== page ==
A Look Back at the 2016 Presidential Campaign

Keith O’Brien: This election has proven without a shadow of a doubt that more access to information does not make a more informed citizenry. Social media, particularly, has made it incredibly easy to push demonstrably false information, to shave away meaning from truth, and made it incredibly easy for users to deceive themselves and deceive their followers.

The moment that most encapsulated this election cycle was when the clamor about rigged elections intersected with Weird Twitter. Twitter user @randygdub posted a clearly false and ridiculous message about working at an Ohio post office and loving to rip up absentee Trump ballots.

Like clockwork, it ricocheted through conspiracy Twitter then Conservative Twitter, finally reaching traditional Conservative media. It’s probably now banging around email forwards. No one is innocent here, certainly not the original Twitter user who knew this would happen but did it anyway (probably staking a claim that the Tweet was to prove a point about gullibility) and certainly not otherwise rational people who decided to become gullible or to willfully ignore satire as a way to score a point for their candidate.

This is no mere anomaly. As long as everyone is a publisher, the tendency to keep trying to influence the masses through deception and willful ignorance will blunt our democratic process.

Kim Davis: 2012 is still relevant. The GOP commissioned a post mortem examination of Romney’s loss, the “Growth and Opportunity Project,” which recommended outreach to women, African, Asian, Hispanic and gay voters, and what Chairman Reince Priebus called at the time “a softer tone.” While Donald Trump’s rhetoric hasn’t been notably hostile to the LGBT community, his outreach–if that’s the right word–on women’s issues and immigration will have decided the 2016 race.

My only other thought: To paraphrase James Carville (Bill Clinton’s 1992 chief strategist), “it’s the electoral college, stupid.”  That means a really tough path to victory even for a savvy, data-driven Republican campaign.

Perry Simpson: When people say the election has been divisive, they’re usually talking about matters of  race or gender politics. What is less discussed is the clear division between older audiences and younger voters; a division that mostly manifested itself in Bernie Sanders and Donald Trump. In much the same way that older (mostly white) voters have vehemently supported Trump, young progressives were ravenously supportive of Sanders. And the candidates knew this.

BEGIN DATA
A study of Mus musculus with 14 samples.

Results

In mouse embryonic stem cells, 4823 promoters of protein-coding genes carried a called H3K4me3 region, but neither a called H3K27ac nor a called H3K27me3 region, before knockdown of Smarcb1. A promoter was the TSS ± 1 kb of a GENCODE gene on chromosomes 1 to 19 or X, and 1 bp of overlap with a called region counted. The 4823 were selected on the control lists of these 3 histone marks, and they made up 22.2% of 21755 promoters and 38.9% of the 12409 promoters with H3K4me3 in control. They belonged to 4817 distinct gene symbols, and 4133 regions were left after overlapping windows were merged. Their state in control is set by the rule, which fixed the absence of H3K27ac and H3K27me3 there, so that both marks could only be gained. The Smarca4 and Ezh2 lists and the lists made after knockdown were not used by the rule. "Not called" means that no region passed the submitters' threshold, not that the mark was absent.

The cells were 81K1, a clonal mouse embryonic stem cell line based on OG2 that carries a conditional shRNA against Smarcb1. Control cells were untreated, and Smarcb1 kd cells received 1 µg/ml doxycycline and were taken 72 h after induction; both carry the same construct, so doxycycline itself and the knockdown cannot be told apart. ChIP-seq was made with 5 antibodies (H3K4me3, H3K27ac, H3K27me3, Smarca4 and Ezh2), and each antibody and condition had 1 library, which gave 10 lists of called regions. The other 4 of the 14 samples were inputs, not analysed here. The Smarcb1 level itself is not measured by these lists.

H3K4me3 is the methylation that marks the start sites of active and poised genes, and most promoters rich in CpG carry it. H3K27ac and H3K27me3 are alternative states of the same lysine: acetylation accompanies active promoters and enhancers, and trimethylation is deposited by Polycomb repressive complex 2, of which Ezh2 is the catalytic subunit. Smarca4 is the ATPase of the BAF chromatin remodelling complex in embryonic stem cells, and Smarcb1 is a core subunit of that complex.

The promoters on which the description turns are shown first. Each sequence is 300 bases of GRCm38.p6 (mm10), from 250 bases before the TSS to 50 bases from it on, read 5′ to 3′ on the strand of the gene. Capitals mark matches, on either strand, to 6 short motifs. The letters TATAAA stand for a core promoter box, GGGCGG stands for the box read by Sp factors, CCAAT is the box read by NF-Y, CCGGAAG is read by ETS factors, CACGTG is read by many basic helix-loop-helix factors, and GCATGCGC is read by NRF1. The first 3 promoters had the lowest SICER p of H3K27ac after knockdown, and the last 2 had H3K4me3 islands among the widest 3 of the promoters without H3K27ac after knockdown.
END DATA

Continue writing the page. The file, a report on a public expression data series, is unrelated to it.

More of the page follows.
Both Sanders and Trump marketed themselves almost exclusively to their respective age demographics, which isn’t itself a bad thing. Marketing budget is ill spent if it doesn’t specifically target existing or prospective customers, right? The problem here is that younger and older audiences were already coping with our new digital economy in widely different ways, and each group became a bit fast and loose with facts in their efforts to support or attack either candidate. As the campaigns progressed these two groups split down the middle to the point where there are now two (or more) alternate digital realities. Facts are relative, polarization is rampant, and “fair and balanced” depends on who you ask.

Alex Neely: The 2016 US Presidential Election, or as it’s more commonly known as Life in the Upside-Down, has provided the country with unquestionably some of the most bizarre headlines, phrases, hashtags and photographs in not just election but news history. It is an ideological nightmare and a reporter’s dream! Election Day is finally here, and with it comes the arrival of a new US president and vice-president and the return of old readerships and ratings.

Elyse Dupre: This election has been all about the emails. Not just the ones recently reviewed by the FBI, but also the ones flooding voters’ inboxes on a daily basis. Hillary Clinton’s campaign has had high email send volume (with this DMN staffer counting up to seven emails in one day). These messages—addressed from her campaign staff, Barack and Michelle Obama, Tim Kaine, and Hillary and Chelsea Clinton—primarily solicit donations from voters; although, others have asked people to share their support on social media, participate in campaign contests, or make calls. Donald Trump’s campaign has been emailing supporters, as well, although less frequently—sometimes two to four times a day, according to this editor’s count—and from multiple domains.

Like Clinton’s staff, team Trump has been soliciting donations. His campaign has also notified voters about events and asked them to show their support via social media. Although, the Republican candidate faced spam issues in the past. Recent data from eDataSource shows Clinton’s campaign pulling ahead in terms of projected reach and average inbox rate; however, Trump takes the lead in terms of average read rate. And while the race ends Tuesday, voters can may continue to receive emails for a while.